Local Radio Personalities Explain How To Avoid Crossing The Line

Jonesboro, AR -- Radio talk show host Don Imus is at the center of controversy after his remarks about the Rutgers' women's basketball team.

While Imus apologized for his comments,  many leaders in the African American community say talk is cheap.....some are calling for his job.

101.9 Kiss FM's Brandon Baxter says as a radio host, you learn over the years how to avoid crossing the line to a point where you offend listeners.

"I think what happens when you do morning radio is you start off to be funny, you get to the punch line and you get to that point where you have crossed the line.  Then, you're live and you can't take it back. That's when you have to have that filter between your brain and your mouth," said Baxter.

Trey Stafford and Jim Frigo host a morning radio show on 104.9 The Fox.

"I look at his face and he can look at my face and we can pretty well read each other, and sometimes we do cross over the line and that's when you pray that you still have a job the next day," said Jim Frigo.

"In the post Janet Jackson era, there have been some lines drawn on what the repercussions are going to be if you cross the line. Especially after that era, you know that if you do this you're probably going to lose your job because the licensee is going to have to show the commission they are taking responsibility for what goes on the air," said Trey Stafford.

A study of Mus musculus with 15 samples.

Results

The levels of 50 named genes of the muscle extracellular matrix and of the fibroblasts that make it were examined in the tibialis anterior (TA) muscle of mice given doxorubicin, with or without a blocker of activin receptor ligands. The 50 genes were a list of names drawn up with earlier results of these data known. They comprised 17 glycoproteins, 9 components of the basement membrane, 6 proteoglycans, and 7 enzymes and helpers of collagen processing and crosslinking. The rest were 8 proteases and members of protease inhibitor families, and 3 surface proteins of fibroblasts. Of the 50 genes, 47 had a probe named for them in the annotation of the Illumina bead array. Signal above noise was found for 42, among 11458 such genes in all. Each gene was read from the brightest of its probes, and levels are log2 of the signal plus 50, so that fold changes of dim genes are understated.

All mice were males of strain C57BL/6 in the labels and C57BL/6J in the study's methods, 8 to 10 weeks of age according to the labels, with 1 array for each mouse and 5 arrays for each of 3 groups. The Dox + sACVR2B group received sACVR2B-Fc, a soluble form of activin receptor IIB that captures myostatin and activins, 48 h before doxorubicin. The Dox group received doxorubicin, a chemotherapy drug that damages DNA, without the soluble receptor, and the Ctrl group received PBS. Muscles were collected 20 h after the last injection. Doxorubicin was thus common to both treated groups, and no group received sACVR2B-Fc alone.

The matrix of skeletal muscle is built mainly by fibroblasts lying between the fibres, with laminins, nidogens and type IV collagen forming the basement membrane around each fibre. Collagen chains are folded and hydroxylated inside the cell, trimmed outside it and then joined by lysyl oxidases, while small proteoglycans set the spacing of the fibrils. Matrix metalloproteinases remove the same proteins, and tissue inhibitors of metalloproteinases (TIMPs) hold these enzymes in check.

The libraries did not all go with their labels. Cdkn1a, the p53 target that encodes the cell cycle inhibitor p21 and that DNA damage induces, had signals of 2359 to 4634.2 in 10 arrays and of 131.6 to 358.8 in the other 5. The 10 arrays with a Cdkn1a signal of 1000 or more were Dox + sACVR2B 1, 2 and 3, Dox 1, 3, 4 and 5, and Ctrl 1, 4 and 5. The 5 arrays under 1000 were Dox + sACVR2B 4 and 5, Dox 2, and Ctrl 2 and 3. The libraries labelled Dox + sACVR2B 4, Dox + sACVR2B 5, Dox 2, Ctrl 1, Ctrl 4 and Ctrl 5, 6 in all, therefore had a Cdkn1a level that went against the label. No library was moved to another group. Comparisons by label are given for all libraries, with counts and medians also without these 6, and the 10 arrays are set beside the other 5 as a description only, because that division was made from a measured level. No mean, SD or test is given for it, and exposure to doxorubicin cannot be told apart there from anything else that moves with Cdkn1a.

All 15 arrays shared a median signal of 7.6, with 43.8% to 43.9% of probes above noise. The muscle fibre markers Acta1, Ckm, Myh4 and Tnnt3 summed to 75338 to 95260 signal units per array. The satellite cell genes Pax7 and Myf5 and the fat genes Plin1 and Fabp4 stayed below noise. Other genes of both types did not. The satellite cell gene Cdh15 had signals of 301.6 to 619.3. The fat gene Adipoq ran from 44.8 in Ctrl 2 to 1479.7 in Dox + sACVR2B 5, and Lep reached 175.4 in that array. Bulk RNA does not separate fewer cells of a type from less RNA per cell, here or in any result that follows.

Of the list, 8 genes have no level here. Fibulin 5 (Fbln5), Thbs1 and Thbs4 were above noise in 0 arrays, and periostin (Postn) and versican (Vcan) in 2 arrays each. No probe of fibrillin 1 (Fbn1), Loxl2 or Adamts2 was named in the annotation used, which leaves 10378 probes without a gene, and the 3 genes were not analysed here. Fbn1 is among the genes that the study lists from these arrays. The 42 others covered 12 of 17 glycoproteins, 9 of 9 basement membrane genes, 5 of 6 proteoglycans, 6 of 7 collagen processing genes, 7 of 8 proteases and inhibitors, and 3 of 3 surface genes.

Both agree the fundamentals of radio have certainly changed over the years.

"With radio in general you hear more and more than you would back then," said Stafford.

"We're just having a good time in the mornings and we try to do it without being too offensive to people," said Frigo.

"That's one of the great things about radio is that it is live--but at the same point you're walking that high wire where you have that risk of falling off," said Baxter.

As for Imus, it's unclear how much this fall from grace will cost him.....or if it will even cost him at all.